The city of L'Aquila - 'Eagle' in Italian - nestles in the mountainous Abruzzo region, overlooked by the highest mountain on the Italian peninsula.
Lying in a valley surrounded by the Apennine mountains, the medieval walled city looks up at Corno Grande's peak.
L'Aquila, 95km north-east of Rome, is the main historical and artistic centre of Abruzzo, with a university and the National Museum of the Abruzzi.
It is also home to about 70,000 citizens who live among its winding narrow streets and more modern apartments on the outskirts of the administrative capital.
The original L'Aquila walled town was originally built in the 13th Century.
But much of it, including San Massimo cathedral, was destroyed in an earthquake in 1703.
The unpredictable earthquake-prone landscape caused destruction again with another deadly earthquake on 6 April 2009.
Dozens of residents in L'Aquila died, as did people in surrounding towns where ancient and modern buildings cracked and crumbled.
L'Aquila was built as a mountain stronghold during the Middle Ages and has many prized Romanesque, Gothic and Renaissance buildings.
Medieval city, founded in the 13th Century
Capital of the mountainous Abruzzo region
Population 70,000, with many thousands more tourists and foreign students
Walled city with narrow streets, lined by Baroque and Renaissance buildings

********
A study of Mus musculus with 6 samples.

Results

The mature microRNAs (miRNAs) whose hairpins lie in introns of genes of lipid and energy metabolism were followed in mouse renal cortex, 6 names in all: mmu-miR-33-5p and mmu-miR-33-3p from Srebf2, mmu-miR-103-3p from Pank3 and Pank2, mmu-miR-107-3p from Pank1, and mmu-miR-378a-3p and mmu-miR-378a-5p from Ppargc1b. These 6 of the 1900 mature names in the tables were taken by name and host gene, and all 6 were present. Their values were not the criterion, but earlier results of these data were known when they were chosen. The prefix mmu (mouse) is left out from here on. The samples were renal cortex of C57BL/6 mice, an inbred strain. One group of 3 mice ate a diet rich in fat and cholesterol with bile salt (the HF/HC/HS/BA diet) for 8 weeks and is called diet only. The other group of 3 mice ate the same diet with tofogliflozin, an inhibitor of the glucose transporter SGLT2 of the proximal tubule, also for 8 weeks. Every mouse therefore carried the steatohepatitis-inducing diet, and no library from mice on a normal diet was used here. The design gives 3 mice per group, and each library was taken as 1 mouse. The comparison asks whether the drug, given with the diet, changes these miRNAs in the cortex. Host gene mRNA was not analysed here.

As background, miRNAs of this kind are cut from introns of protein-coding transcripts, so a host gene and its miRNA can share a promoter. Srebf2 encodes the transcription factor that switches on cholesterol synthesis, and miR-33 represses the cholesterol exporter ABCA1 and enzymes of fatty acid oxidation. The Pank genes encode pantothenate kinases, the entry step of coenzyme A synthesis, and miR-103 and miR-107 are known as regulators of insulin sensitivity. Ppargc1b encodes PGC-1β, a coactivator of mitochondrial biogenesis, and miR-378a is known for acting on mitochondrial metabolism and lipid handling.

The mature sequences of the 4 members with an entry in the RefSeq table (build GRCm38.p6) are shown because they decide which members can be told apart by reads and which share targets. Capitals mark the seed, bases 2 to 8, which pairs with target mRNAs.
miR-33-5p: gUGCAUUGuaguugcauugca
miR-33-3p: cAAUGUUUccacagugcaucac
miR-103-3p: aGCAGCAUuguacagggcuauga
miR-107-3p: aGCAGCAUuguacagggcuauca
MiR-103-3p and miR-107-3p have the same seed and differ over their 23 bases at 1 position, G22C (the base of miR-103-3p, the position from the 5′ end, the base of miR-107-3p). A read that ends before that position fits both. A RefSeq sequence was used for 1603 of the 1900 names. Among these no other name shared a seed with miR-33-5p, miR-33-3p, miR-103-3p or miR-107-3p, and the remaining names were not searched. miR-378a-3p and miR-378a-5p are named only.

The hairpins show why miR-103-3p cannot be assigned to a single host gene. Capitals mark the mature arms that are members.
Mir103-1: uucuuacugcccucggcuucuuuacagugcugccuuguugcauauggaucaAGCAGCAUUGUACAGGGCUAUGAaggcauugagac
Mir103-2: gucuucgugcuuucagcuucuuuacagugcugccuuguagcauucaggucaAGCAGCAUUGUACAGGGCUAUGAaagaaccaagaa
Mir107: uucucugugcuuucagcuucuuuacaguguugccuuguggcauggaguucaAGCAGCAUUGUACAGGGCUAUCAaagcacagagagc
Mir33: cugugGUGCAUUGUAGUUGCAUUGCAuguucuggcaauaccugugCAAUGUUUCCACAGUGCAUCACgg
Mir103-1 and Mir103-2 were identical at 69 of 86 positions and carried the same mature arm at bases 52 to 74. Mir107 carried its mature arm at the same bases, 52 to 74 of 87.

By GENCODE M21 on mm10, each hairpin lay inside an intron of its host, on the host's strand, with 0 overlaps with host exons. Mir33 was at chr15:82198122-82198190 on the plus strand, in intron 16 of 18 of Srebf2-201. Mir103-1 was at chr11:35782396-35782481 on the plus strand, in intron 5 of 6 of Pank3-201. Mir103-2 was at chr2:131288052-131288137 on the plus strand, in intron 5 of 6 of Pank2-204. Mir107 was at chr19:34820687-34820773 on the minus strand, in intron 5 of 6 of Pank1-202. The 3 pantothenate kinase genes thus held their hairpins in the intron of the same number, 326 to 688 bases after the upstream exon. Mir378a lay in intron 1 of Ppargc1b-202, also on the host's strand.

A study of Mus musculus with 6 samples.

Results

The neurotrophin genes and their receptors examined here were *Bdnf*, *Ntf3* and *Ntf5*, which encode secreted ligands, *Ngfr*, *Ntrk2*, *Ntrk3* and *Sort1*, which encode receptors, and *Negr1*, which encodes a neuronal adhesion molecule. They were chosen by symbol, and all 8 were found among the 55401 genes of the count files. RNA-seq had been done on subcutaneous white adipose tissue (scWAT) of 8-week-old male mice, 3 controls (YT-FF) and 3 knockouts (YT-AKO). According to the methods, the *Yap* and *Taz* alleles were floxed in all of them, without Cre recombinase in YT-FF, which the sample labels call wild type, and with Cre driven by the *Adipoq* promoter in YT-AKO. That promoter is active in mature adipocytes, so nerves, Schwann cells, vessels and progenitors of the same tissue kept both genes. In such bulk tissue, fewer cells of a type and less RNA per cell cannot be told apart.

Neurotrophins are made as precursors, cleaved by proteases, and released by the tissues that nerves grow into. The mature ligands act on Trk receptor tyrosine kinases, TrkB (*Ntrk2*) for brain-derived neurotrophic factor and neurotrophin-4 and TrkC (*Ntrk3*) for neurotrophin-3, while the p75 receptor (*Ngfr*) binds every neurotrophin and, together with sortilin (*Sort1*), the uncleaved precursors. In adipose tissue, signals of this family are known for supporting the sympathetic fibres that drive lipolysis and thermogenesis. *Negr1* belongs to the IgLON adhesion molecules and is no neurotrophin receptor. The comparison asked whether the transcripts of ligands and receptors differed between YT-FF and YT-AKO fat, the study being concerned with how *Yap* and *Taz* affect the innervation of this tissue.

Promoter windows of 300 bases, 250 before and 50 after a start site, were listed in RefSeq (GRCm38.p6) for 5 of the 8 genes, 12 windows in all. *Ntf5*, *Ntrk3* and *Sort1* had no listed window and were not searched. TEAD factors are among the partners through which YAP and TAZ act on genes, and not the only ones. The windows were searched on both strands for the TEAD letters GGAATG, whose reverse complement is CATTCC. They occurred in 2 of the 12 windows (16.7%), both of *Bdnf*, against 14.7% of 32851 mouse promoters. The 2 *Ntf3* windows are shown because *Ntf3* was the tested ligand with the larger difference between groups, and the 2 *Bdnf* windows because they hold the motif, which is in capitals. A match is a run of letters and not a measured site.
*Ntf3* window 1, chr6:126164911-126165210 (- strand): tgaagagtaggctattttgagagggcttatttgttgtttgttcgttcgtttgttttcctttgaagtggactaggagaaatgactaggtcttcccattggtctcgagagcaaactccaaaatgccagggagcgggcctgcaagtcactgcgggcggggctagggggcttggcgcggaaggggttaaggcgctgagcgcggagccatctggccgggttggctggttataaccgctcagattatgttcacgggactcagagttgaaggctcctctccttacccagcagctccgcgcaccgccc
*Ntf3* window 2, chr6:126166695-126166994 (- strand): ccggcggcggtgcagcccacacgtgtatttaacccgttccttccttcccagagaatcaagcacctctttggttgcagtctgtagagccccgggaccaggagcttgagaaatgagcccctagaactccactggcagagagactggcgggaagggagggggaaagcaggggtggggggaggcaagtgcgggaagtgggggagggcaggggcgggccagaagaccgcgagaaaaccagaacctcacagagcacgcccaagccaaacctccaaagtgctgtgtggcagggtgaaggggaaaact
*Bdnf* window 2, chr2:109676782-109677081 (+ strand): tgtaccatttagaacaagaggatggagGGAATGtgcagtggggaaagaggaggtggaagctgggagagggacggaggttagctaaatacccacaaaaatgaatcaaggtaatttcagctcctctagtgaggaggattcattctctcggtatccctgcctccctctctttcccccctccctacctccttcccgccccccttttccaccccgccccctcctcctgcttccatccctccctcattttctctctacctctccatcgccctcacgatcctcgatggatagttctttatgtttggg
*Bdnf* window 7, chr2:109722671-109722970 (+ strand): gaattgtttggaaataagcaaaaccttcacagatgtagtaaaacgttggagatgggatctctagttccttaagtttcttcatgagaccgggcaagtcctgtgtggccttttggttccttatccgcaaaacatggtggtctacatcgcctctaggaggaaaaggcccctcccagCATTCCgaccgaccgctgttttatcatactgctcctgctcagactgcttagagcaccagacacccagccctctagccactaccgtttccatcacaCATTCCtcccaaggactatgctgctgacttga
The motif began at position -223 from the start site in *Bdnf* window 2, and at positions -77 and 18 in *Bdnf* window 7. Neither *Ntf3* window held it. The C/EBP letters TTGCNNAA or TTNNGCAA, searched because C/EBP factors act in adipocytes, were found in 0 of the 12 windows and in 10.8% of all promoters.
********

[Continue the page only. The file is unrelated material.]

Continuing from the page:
Alongside the human cost, the quake has taken severe toll on this architectural heritage.
Parts of many of the ancient churches and castles in and around the city have collapsed while in outlying, isolated villages there has been damage to centuries-old buildings and monuments.
L'Aquila's San Massimo cathedral, rebuilt after the 1703 earthquake and whose present facade dates from 1851, has been damaged.
At least four Romanesque and Renaissance churches and a 16th Century castle were also part-destroyed, the Culture Ministry said.
Part of the nave of the Basilica of Santa Maria di Collemaggio, one of the area's most famous churches, collapsed.
And the belltower of the Renaissance Basilica of San Bernardino also crumbled. Meanwhile a dormitory in the city's university was also damaged.
With thousands left homeless by the quake, a variety of modern buildings left standing - including barracks, stadiums and gyms - have now become makeshift mess halls and dormitories.